With the huge variety of food available today, most people can’t imagine one day will come when food scarcity will be a problem. But leading water scientists believe the world will have to turn vegetarian by 2050.
Vegetarians today, while ever growing in numbers, are still looked at with scrutiny and confusion. For different reasons they don’t want to eat meat, but for the average Joe meat is a basic ingredient of a delicious meal. According to world’s leading water scientists, by 2050 mankind will have to become vegetarian to avoid food shortages with catastrophic consequences.
By 2050 a lot is set to change. Estimates read that the humankind will have an extra two-billion people to feed and that means water will become a commodity in the food industry. To avoid catastrophic shortages, the humankind will have to get used to getting only 5 percent animal-based proteins as opposed to the current 20 percent.
The reason? There won’t be enough water to produce food for the estimated nine-billion population on Earth in 2050. Or at least there won’t be enough water “if we follow current trends and changes towards diets common in Western nations” reads a report by the Stockholm International Water Institute.
“There will be just enough water if the proportion of animal-based foods is limited to 5 percent of total calories and considerable regional water deficits can be met by a…reliable system of food trade” warn world’s top water scientists.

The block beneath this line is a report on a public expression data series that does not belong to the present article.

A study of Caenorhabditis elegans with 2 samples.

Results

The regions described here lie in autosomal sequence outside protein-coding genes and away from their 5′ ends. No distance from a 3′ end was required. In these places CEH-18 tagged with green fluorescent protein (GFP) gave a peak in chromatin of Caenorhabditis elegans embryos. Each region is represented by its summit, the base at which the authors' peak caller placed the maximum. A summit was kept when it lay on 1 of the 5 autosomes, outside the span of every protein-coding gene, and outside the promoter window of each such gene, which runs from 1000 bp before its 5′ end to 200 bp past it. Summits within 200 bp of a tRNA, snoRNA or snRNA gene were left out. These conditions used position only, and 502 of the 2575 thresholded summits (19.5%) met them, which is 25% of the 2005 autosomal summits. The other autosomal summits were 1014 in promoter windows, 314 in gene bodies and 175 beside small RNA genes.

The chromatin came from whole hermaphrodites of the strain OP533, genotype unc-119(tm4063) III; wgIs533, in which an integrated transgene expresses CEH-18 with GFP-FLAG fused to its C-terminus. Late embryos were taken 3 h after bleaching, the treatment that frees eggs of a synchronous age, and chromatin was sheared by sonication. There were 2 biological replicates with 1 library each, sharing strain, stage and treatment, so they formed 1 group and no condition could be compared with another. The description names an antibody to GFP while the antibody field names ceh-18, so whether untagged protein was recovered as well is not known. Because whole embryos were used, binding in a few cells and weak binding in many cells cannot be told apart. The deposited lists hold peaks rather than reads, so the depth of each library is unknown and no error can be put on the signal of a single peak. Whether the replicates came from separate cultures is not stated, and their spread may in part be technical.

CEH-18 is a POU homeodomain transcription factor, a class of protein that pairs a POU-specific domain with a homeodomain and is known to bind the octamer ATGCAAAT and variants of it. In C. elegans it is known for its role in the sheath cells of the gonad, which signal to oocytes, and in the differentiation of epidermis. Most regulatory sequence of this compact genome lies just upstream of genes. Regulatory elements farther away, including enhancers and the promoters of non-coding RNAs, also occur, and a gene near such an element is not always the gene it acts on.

“More than one-fourth of all the water we use worldwide is taken to grow over one billion tons of food that nobody eats…Reducing the waste of food is the smartest and most direct route to relieve pressure on water and land resources” reads the report.
By mid-century, the food production should be increased by 70 percent to meet the demand, whereas water allocation should also be increased by 60 percent. On top of that there will be 1.3 billion people who will need electricity and water is essential for all these demands. It looks like the upcoming years will have to bring some dramatic changes in the current lifestyle to ensure there’s something for future generations too.
Unless food and water waste is minimized, our children and grandsons will be forced to survive with a vegetarian diet, which is really not all that bad in the end.